Now that my first ever garden is done for the year, all except for the 5 or 6 carrot tops poking up, it’s time for me to reflect on all of the things I’ve learned.
1. Test your soil. I didn’t do this. I should have. I even got a nice little box to put a soil sample in to mail to my local Department of Agriculture for a free testing. Dumb me. They would have been able to tell me exactly what my soil is lacking, so that I would have known how to properly amend it and I could have given my plants the nutrients they needed. Next year I will definitely do this.
2. Feed your soil. You must fertilize! Just sticking a seed in the ground, watering it, and hoping it will grow doesn’t work. Believe me. Lesson learned.
3. Don’t leave a grass border inside the garden. I thought it would be a good idea to leave a nice edging of grass along the perimeter of the garden, for me to walk along. Not a good idea. The grass “path” was too narrow for me to have mowed without hacking at my crops, so it grew nice and tall and just looked like weeds everywhere. Plus, it spread into the garden.
4. Plant flowers. I always wondered why people planted flowers in and around their gardens. I assumed it was just to make it look nice and colorful. But I’ve realized that those flowers actually serve a purpose… to attract bees! You need bees to pollinate your plants, or else you won’t get much fruit at all. Aha! Now I get it! Plus, some flowers are good companion plants, meaning that they will give nutrients into the soil that other crops will benefit from, or even help to keep nasty bugs away.
5. Invite the birds. I’ve also noticed that many people have bird houses near their gardens. Again, I thought it was just for fun. But birds can be very helpful to gardeners, as they will enjoy eating nasty pests from your plants. Next year I’d like to have a bird house in a corner of my garden.
6. Water at the right time. I never knew that you couldn’t water your garden at any ol’ time of the day. You should only water early in the morning, or later in the evening, at times when it’s cool outside. If you water in the heat of the sun it will scorch your plants.
7. Don’t use fresh manure. You need to let your manure sit for like 6 months to a year before you put it in the garden.
8. Plant Cover Crops. When you are finished using your garden for the year, plant a cover crop. Plants like Crimson Clover, Hairy Vetch, and Rye add nutrients back into the soil.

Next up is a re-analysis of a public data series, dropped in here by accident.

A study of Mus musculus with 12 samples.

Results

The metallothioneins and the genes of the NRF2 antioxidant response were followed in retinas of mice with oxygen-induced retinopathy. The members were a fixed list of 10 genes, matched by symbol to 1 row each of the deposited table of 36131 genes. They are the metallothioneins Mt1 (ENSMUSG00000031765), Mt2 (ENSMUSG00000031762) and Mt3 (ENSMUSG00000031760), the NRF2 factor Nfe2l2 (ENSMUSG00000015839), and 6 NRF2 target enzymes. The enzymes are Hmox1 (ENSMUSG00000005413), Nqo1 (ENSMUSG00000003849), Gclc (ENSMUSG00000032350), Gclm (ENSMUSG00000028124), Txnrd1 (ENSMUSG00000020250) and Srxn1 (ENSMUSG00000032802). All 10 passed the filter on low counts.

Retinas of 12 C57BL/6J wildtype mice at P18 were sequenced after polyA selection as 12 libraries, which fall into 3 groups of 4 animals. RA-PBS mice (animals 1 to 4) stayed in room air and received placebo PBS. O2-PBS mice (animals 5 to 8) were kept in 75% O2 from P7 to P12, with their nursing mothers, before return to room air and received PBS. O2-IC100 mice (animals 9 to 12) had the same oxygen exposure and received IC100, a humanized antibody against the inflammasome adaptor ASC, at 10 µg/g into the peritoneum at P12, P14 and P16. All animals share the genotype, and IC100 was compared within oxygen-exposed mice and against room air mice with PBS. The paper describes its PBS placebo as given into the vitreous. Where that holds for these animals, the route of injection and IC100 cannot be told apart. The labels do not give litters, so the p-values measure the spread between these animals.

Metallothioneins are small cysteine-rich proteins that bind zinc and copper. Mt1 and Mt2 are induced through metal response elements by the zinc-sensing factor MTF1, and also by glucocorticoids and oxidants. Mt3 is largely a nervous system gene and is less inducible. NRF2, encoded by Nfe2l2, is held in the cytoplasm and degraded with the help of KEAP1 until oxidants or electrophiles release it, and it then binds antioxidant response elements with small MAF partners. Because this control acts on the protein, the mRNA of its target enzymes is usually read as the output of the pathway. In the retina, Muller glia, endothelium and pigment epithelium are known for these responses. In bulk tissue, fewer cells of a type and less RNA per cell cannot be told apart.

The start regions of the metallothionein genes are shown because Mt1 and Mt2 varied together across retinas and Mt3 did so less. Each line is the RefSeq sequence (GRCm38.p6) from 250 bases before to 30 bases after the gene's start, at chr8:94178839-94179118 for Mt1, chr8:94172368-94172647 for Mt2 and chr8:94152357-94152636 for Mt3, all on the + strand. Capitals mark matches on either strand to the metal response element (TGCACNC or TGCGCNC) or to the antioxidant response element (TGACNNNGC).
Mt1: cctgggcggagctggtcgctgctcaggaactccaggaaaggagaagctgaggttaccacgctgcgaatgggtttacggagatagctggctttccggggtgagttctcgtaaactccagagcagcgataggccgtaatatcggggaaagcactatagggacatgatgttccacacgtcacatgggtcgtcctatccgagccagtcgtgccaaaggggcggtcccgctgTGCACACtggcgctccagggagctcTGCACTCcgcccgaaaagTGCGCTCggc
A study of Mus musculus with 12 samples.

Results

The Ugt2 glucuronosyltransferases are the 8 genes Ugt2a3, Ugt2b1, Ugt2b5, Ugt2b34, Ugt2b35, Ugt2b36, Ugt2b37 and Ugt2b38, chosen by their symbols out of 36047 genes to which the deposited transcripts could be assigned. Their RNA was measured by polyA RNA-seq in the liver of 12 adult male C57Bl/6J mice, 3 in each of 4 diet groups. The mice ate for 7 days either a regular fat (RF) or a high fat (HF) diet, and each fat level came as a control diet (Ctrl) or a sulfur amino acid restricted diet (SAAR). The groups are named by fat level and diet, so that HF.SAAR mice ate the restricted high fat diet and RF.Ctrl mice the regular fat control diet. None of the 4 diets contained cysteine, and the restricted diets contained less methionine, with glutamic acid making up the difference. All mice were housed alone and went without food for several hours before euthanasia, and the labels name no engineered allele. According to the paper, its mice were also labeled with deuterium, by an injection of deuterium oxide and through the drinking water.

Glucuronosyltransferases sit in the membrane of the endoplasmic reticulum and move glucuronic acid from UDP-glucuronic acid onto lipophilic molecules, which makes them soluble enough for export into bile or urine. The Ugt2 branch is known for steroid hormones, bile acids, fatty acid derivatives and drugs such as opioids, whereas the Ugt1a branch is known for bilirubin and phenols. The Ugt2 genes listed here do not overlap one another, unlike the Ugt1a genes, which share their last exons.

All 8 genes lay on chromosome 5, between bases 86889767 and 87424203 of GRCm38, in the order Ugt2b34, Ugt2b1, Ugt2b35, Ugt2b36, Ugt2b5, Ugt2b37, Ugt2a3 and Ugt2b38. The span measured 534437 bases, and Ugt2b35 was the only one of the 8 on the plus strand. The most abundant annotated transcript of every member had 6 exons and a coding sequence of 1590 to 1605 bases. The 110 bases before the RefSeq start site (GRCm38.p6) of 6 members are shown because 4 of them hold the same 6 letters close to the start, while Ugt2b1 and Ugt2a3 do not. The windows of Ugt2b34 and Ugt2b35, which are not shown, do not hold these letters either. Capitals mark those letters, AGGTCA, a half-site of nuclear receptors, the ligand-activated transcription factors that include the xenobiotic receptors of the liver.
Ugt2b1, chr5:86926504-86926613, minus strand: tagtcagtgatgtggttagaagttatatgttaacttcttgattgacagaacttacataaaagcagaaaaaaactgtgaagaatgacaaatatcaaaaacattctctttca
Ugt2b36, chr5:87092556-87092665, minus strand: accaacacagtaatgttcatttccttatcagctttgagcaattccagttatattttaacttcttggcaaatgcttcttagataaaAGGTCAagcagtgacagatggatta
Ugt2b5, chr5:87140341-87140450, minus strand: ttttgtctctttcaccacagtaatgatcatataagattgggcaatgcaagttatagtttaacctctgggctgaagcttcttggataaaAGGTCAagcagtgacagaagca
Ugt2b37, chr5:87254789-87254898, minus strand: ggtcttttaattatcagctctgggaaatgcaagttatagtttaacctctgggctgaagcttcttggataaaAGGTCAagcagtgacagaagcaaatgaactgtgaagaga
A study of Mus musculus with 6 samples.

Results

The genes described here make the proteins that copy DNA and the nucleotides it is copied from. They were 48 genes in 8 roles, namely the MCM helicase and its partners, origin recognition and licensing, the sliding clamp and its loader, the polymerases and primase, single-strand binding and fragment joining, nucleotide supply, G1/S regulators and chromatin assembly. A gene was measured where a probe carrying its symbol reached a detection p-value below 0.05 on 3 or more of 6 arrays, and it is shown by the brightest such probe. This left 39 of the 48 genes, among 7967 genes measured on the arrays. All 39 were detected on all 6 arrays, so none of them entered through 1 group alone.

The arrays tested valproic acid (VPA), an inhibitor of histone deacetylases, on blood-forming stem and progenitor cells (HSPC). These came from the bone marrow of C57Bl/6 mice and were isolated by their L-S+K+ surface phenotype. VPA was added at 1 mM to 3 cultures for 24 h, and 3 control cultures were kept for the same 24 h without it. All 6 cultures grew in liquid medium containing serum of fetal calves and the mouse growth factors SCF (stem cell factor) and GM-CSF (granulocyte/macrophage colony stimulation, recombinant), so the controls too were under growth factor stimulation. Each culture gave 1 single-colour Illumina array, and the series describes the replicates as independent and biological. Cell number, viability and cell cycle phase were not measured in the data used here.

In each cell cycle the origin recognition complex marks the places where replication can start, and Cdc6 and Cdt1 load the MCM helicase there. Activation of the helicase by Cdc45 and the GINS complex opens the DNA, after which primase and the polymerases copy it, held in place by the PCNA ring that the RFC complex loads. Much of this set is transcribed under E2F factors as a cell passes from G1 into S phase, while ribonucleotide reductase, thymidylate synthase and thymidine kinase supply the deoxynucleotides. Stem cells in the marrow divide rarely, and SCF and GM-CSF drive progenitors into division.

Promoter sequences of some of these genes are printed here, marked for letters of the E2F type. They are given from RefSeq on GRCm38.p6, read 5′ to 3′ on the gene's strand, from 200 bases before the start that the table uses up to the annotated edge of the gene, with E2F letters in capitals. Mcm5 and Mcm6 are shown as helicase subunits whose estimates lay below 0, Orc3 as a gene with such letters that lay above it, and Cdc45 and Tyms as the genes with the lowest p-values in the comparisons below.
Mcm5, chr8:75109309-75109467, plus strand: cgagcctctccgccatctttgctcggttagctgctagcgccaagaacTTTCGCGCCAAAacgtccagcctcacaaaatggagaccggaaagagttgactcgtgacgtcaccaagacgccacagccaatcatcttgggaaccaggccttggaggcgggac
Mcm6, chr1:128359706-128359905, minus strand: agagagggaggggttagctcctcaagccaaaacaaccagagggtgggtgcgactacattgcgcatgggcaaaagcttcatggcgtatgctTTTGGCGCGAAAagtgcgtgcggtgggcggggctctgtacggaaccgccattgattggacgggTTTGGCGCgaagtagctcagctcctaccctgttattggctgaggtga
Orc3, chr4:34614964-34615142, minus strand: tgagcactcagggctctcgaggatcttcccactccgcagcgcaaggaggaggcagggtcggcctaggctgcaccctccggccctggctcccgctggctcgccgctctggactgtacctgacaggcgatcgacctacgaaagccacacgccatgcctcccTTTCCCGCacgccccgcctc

9. Be careful thinning and transplanting. Before you go pulling up seedlings in order to transplant, wait until they are a good size. If you pull them up before they are a fair size, they will only shrivel up before your eyes when you try to replant them.
10. Leggy seedlings need more light.
11. Use some sort of pest control. Otherwise, all of your hard work will only benefit the bugs.
12. Good fencing. If you have critters in your backyard, make sure you put up a good fence around your garden. Pay close attention to the bottom of your fence, making sure animals can’t push under it.
14. Root crops really need loose soil. They truly won’t grow in a hard ground.
15. When it comes to potatoes: row planting is better than planting in holes. You may recall that when I planted potatoes this year, I experimented with two methods: row planting, and deep hole planting. Only one out of ten holes actually produced anything. The problem that I realized was that every time it would rain, the holes would fill up. I think the potatoes just rotted. At least the mounds produced something, though not much at all. I know my mistake was that I didn’t mound them enough. I think I’ll try growing potatoes in a trash can next year!
16. Blossom-End Rot on Tomatoes can be avoided by crushing eggshells and sprinkling them in the soil around the plants.
17. Plant lettuce in cool weather.
So, lots of lessons learned… the hard way. But, when you learn like that, you never forget!
I’ve decided not to plant a fall crop. I’m going to work on amending the soil for Spring. I’m excited about next year’s garden. I just know it will be better, especially since I won’t be making so many crucial mistakes!
So, what about you? Have any tips to share with us new gardeners that will spare us from having to learn another lesson the hard way?!